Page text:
ADHD drugs

(NaturalNews) It's a shame to see so many kids put on horrific ADHD drugs that cause physical and psychological drug dependence. It's not just the drug itself that's damaging; it's the whole warped philosophy used to justify the drugging of children who won't pay attention or sit still.

Kids today are told to sit still and pay attention for hours on end in constraining educational environments that squeeze the life right out their curious and imaginative minds. If they get out of line too many times, drugs are used to mold them into the obedient slave the system is training them to be.

But this story isn't about the wide scale over-drugging of today's school children. This story is about a child prescribed too large a dose, so large, that his brain started swelling. The child was given so much ADHD medication in one dose, that he experienced a violent reaction that ultimately took his life.

Boy given 1000 times the recommended dose, brain swells, leading to his death seven months later

"He immediately started having reactions to it," said the boy's mom, Caroline Steinbrecher, speaking to Denver ABC-affiliate KMGH. Her son Jake was being treated for hyperactivity with the high blood pressure and ADHD drug, Clonidine. When they took him to the hospital, the doctors said his brain was swelling horrendously.

They investigated the prescription Jake was given. When the tests came back, they found out that the pharmacists had mixed 1000 times the prescribed dosage. Jake's usual dose was .03 mg. The pharmacist handed him 30 mg. That's about three years worth of the drug, given in one dose!
"It wasn't a mistake," said the boy's mom, "it was sentinel [medical] error."

The Good Day Pharmacy in Loveland, Colorado did admit they prescribed 1000 times the proper dosage. The pharmacist's error had caused Jake permanent brain damage. Just seven months after he recovered from the brain swelling, Jake was suddenly hospitalized again, with an autoimmune response. This time, he was unable to recover from the reaction and the young boy passed away June 8, 2016.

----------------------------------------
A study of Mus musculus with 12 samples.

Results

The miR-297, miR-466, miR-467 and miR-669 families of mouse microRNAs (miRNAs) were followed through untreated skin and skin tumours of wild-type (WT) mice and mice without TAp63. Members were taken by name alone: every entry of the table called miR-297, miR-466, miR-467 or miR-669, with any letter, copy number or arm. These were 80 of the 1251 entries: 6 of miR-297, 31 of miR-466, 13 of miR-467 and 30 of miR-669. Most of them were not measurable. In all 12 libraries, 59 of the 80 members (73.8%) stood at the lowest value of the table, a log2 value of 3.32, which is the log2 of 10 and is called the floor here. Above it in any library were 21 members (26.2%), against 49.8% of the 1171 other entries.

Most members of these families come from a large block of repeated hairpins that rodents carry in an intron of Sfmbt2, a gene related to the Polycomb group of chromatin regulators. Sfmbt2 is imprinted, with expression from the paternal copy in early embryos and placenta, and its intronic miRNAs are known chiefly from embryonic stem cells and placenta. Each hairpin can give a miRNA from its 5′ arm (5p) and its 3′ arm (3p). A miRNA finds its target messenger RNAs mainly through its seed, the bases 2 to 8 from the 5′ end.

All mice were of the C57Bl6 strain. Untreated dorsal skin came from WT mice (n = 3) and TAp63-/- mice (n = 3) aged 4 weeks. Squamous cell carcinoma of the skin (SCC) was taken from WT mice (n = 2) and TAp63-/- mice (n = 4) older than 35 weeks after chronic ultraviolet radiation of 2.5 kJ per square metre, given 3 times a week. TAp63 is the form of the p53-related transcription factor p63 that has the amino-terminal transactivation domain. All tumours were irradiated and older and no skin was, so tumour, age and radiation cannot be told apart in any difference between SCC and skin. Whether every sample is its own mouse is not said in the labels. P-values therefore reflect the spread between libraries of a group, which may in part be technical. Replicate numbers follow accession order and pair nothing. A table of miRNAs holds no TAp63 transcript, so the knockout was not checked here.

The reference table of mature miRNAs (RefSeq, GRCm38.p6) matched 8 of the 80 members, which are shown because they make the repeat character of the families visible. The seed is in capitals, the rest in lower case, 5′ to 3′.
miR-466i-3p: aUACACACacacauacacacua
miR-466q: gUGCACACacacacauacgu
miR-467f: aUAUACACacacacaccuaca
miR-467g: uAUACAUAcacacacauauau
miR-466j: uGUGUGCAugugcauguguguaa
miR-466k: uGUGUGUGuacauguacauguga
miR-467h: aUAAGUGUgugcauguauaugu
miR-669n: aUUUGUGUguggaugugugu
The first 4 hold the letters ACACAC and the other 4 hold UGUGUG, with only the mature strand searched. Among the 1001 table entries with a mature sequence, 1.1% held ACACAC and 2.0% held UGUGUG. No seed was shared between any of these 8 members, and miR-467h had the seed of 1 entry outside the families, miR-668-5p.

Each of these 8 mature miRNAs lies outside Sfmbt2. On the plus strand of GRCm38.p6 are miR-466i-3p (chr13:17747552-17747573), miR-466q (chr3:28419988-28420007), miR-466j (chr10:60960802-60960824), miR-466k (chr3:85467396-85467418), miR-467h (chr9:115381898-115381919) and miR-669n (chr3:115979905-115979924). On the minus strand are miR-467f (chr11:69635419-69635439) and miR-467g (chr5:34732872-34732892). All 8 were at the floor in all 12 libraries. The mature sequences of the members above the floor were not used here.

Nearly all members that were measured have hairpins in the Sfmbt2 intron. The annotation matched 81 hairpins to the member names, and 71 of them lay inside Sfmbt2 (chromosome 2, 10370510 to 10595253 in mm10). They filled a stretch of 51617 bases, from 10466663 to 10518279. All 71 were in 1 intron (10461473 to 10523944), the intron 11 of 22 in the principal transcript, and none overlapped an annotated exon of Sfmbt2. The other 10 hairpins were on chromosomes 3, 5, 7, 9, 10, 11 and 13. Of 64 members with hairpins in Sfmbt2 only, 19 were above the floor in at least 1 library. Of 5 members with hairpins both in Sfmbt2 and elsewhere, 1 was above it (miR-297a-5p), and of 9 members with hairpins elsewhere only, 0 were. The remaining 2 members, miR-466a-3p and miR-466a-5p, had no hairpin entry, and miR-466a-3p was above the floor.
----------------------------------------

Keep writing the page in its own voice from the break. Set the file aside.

"We've lost our purpose," a tear-stricken Steinbrecher said. She alleges that the pharmacist's mistake ultimately caused her son's death.

"How could somebody do that?" said Steinbrecher, "how there was no other way to make sure the medicine was mixed correctly before it was out the door other than the say-so of the pharmacist who made it?"

After investigating the Colorado Dept of Regulatory Agencies (DORA) database, they found out that the pharmacist who made the mistake still had her license to practice. Steinbrecher believes the pharmacist still works at the Good Day Pharmacy in Loveland.

"She's continued to work on at the pharmacy every day," she said, "still has her license still is allowed to make other prescriptions for other children."

"People need to be aware of what is being given to their children," she said, "they trust doctors and they trust pharmacists to do the right thing for them and to keep their children safe, but these are all just people and people make mistakes and errors and that's where more protection needs to be in place."

"We want him to be remembered as a vibrant, talented dancer," she said, "whose life was taken away by a pharmaceutical error."

The family issued a press release after their son's death: "Jake and his family suffered dearly during his initial hospitalization, but the family was unprepared for the long term consequences which included his sudden death by an autoimmune response believed to have been triggered by the error."

A memorial fund has been set up in honor of Jake to help other children have access to dance lessons and to raise awareness of medical error and the need for pharmacy and pharmaceutical control.